TO THE EDITOR: I am writing to clarify a bit about Fiji and our "thin not fat" reputation ["Fiji: Thin, Not Fat," Chelsea Cain, June 29]. Ms. Cain clearly didn't do her homework. I am borne of a line of, shall I say, robust Fijians. It takes more than a sarong and a few banana leaves to cover my family's stretch marks, battle tattoos and scrotal wraps.

Not only do we Fijians find a more rubinesque figure attractive and desirable, there are few pleasures more scintillating than the subterranean tremors made by thundering folds of flesh galloping healthily across the sand towards the breadfruit patch!

We Fijians have always seen "healthier" women as fertile and virile. They are symbols of great health and prosperity. (Somewhat similar to your American belief in the SUV.) The idea that bigger is better is not lost on us Fijians. Send us your enormously-hipped maidens and in Fiji we will consider them pear posteriored princesses.

Kamapuaa E'omiamappaokolua


TO THE EDITOR: It only seems as if Darklady has managed to make an orgy sound tedious ["L'Amour the Merrier," Darklady, July 6]. It's actually even LESS adventurous in the "poly" scene.

Usually, there is at least one (but no more than three) young, pretty, slender girls. The majority are older, obese, and snipe bitterly about the more slender ladies when they are out of sight but not earshot.

The true nature of the "orgasmic puppy pile antics:" partygoers throw themselves into a great pile andgiggle. Fully clothed. There is also a bit of squirming. Not too much squirming. Being brushed against, possibly unintentionally (and with everyone dressed), recently made a member feel victimized. Many dramatic e-mails later, instead of saying "duh, don't climb in a big pile of people if you want to avoid touching them," the group had the baffled offender thrown out of the club. So saucy!

The Playboy Channel probably wasn't looking for insecurity and ambivalence, but for joyful, entertaining, romantic alternatives. Using the self-consciously validating word "polyamory" is not enough.



TO THE EDITOR: Regarding this past week's Crime Scene ["Gunshots Heard," July 13], I think I can speak for a good many of my peers when I demand that MORE Reed students are flogged and harassed! Portland cops, I urge you to beat the silly shit out of every sissy-ass Trust fund Reedie that you see! If there were any justice in this town, electric gates would be installed to completely isolate the Reed Campus, and those stupid rich kid commies would be forced to live in the conditions that the lefty governments they admire so much bring upon their people. Portland Cops 1, Rich Kid Poser Hippies 0!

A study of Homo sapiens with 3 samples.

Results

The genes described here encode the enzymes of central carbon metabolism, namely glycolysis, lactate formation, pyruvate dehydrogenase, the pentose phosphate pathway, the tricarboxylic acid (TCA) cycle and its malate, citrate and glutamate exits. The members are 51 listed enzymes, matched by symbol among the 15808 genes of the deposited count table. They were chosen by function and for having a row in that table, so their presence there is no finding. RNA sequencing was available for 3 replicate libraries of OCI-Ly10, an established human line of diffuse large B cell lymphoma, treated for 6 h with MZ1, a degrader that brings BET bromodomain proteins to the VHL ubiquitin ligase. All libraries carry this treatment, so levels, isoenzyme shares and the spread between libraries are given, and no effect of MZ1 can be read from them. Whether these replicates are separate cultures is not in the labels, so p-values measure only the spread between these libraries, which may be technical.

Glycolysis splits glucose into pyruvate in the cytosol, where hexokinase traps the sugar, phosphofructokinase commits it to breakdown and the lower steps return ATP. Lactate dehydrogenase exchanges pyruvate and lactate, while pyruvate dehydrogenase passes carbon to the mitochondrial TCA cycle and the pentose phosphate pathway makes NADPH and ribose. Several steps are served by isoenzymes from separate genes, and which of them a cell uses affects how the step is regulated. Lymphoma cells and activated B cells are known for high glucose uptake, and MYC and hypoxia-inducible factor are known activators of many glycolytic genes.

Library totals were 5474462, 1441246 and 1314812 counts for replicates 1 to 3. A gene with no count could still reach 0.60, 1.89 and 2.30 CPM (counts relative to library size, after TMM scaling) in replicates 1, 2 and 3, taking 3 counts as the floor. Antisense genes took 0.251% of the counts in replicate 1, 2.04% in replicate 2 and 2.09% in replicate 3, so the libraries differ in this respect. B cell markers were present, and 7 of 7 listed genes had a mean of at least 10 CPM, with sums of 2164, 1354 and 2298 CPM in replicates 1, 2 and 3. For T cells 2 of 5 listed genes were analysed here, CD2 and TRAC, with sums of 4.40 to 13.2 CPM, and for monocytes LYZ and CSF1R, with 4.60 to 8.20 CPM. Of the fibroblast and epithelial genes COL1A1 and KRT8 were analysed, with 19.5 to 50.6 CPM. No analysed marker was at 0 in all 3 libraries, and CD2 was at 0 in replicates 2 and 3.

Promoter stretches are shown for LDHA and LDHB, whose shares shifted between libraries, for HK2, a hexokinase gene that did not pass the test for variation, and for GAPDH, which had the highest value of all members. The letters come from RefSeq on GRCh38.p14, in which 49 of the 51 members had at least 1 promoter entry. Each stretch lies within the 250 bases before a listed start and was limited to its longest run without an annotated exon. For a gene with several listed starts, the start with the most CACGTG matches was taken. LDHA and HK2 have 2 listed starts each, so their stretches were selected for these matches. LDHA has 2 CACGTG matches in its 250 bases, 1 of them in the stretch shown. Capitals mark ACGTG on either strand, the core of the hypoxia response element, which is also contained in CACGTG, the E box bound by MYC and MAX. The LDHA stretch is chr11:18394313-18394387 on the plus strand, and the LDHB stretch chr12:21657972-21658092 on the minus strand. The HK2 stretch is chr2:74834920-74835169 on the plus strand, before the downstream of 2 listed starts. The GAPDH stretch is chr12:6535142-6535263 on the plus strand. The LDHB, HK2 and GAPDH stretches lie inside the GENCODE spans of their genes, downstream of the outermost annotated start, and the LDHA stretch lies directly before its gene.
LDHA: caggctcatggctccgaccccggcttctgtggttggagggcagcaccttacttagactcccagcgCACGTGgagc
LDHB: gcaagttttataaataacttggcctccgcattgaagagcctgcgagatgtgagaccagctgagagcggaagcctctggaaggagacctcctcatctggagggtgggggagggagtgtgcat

Abbey Castle



In our July 13 story on unsolved black homicides titled "Black and White," we accidentally attributed a quote to the wrong person. Derrick Shepherd was stabbed to death outside a downtown Portland bar on September 18, 1981. The case is still unsolved. His mother told the Mercury that she believes racism was preventing the police from solving the crime. "I grew up in Mississippi, and Oregon is just another name for Mississippi," Nettie Shepherd said. We apologize for any confusion our inadvertent error may have caused.



Tuesday, July 25 is the last day you can send in your entry for our very first ESSAY CONTEST! The theme of this essay is "WHY I DRINK" and we invite YOU to send in 800 typed words on this very pressing subject.

If you win, not only will you receive $100 to spend on the inebriant of your choice, but you will also win a Home Bar Kit, courtesy of the fine folks at Palookaville (211 SW Ninth). BUT WAIT! There's More! Our lushysorry lucky winner will have their essay printed in the Mercury's Drinking Issue, coming August 3! So don't delay! Send in your essay to "Why I Drink" c/o Portland Mercury, 1524 NW 23 Ave, Suite 2, Portland, 97210. You can also email your entry to steve@portlandmercury.com. No drop-offs or calls, you dirty stinkin' drunk! GOOD LUCK!